In front of a high bank of greensward and rosemary plant in the foreground, the action begins with Grandmother Buryja and Jenufa peeling large white potatoes. The grandmother immovable and massive until she starts singing. Laca bursts in carrying a switch and bounds up the green slope. Violence begins.
The intricate orchestration tells the story, you don’t have to follow the subtitles, together with the on stage drama and restless motifs, the drip of the mill wheel tells of the tension and frustration of the characters. There seems to be initial hope that Jenufa might escape; she’s just taught a shepherd boy to read.
Twice I had tears rushing down my face. The awful anguish of the stepmother who was trying to give her Jenufa freedom, having protected her from her love for the no good drunken Steva. Something we can all identify with. The set in the second and third acts is a big bare room, with the shutters closed, Jenufa is hidden behind shutters during her pregnancy. The room is then destroyed in the last act, complete with broken glass and the chorus bursting through the windows.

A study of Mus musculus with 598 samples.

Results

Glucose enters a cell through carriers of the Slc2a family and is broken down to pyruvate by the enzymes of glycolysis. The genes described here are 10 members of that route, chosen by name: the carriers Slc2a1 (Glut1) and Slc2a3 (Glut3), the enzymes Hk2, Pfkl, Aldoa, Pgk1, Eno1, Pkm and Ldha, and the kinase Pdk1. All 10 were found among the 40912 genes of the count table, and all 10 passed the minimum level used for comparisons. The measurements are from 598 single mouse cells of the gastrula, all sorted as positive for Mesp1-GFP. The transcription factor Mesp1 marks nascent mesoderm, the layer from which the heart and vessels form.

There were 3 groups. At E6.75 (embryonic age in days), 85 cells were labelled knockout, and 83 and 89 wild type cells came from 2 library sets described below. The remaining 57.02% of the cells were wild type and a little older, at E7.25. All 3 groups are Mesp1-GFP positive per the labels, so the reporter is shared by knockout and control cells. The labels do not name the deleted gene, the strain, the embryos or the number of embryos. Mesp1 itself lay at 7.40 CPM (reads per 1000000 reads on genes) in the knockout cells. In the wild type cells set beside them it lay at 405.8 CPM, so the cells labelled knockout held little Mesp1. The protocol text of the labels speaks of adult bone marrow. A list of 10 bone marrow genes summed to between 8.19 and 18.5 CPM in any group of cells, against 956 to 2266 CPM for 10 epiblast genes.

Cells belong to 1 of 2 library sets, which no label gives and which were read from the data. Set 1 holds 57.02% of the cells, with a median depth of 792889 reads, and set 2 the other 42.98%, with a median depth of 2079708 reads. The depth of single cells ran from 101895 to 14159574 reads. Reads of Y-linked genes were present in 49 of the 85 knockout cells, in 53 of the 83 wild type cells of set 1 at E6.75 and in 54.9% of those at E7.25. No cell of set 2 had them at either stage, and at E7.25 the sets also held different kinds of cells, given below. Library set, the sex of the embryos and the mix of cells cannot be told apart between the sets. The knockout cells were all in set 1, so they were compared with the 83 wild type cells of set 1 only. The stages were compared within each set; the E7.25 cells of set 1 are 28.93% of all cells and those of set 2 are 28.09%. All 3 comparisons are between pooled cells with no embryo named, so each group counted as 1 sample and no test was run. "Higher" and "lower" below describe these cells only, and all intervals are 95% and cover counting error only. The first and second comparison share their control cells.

I enjoyed sitting in the stalls very much, just four rows back feeling the double basses big down bows rumbling through our feet. Luckily Janacek rewrote the opera after having been more exposed to of his contemporaries but it owes much his study in folkmusic. The opera is based on Gabriela Preissova’s play, ‘Her Stepdaughter’ (1890) which takes as a starting point two real life incidents, a boy who wounded a girl with a cabbage knife and a stepmother who helped a girl get rid of a baby.
More notes from Gavin Plumley and his blog.